The genesis of the Greensboro Dynamo, USISL National Champions in 1993 and 1994, may very well have come in 1976 when English businessman Neil Macpherson an his wife Bridget moved to Greensboro. They became enamored with the city, and the two built a very successful business selling embroidering and monogramming machinery. Y Macpherson felt two things were missing, as he would tell a reporter in 1977. The city needed "a professional soccer team and one hour of English soccer on TV per week."
By 1993 he had one of his wishes - The Greensboro Dynamo Soccer Club - and we know now that it took a little longer to get the second. The first one had involved a sizable amount of money, countless work hours and a lot of creativity and ingenuity. "I am giving it three years," he said. "If it doesn't work in Greensboro, it's not going to work anywhere."
Turns out it worked quite well.
The previous year, 1992, would really set the foundation for what was to come. A soccer club called IFC Greensboro, coached by George Kennedy (NC Soccer HOF 2014), won the North Carolina State Open Cup and finished as runner-up in the U.S. Amateur Cup. IC had been put together by Buckley Andrews, another Englishman, who had played at UNC Greensboro. His dream for soccer in Greensboro was similar to Macpherson's, and he created IFC in 1991. The two pooled their resources (*he asked me for $3,000 and it quickly turned into $25,000," said Macpherson) and they moved into the professional ranks as the Dynamo.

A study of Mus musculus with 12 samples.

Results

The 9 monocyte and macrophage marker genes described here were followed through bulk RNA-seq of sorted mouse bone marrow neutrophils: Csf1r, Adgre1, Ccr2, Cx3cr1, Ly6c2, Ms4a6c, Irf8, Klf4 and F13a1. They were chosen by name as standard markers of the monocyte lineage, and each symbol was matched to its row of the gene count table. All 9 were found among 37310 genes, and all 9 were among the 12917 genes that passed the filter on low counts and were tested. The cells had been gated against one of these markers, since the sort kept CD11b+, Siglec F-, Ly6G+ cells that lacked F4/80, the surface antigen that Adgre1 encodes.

They became members of the Atlantic Division of the U.S. Interregional Soccer League, roughly equivalent, as one newspaper put it, to "baseball Double A." One league rule stood out: No more than five foreign players on the field at one time. This was a boon to the Dynamo, for they could combine their overseas contacts with players, past and present, from the very successful UNC Greensboro program led by the very successful coach Michael Parker, also from England. Parker would stay for three years, as he planned, long enough to get the program off the ground. Promotion, led by team public relations director Eddie Mitchell, was intense - Macpherson bought a $25,000 hot air balloon decorated as a soccer ball - and by spring of 1993, it was a go.
The results speak for themselves. In 1993, the Dynamo (14-2 regular season) defeated East Los Angeles 4-0, Atlanta 9-0, and Orlando in the final 2-1. This was the Sizzlin' Six in Daytona Beach. Then, in the memorable 1994 season, the Dynamo (18-2) would host the Final Four coming out of the Sizzlin' Nine. On the UNC-G field they would defeat Long Island 2-1 (OT) on August 13. Two days later, in front of 5,000 excited spectators on a hot night preceded by a day of thunderstorms, Mike Gailey would score after 10 minutes and Brian Japp would convert the winning PK in a penalty kick shootout. The Dynamo repeated as ISL champs 2-1.
What a ride. The players involved in the two seasons include: Maher Atta, Del Deanus, Greg Fallon, Thomas Finley, Carl Fleming, Mark Fulk, Michael Gailey, Carlos* Garcia, Gabe Garcia, Kenny Gasser, Jimmy Glenn, Michael Gosselin, Steve Harrison, Jason Haupt, Aidan Heaney, Allen Higgins, Thomas Ingram, Brian Japp, Mike McGinty, Tom Misuraca, Aidan Murphy, Eddie Radwanski, Jim Rinker, Michael Rock, Steve Springthorpe, John Stark, Michael Thorn, David Torris, David Ulmsten, Joey Valenti, Mick Wakeman and Kelly Weadock. Assistant coach was Eric Vaughter. Rusty Scarborough served as a volunteer assistant coach.
Congratulations on selection to the National Champions Hall of Honor, class of 2020, as part of the North Carolina Soccer Hall of Fame.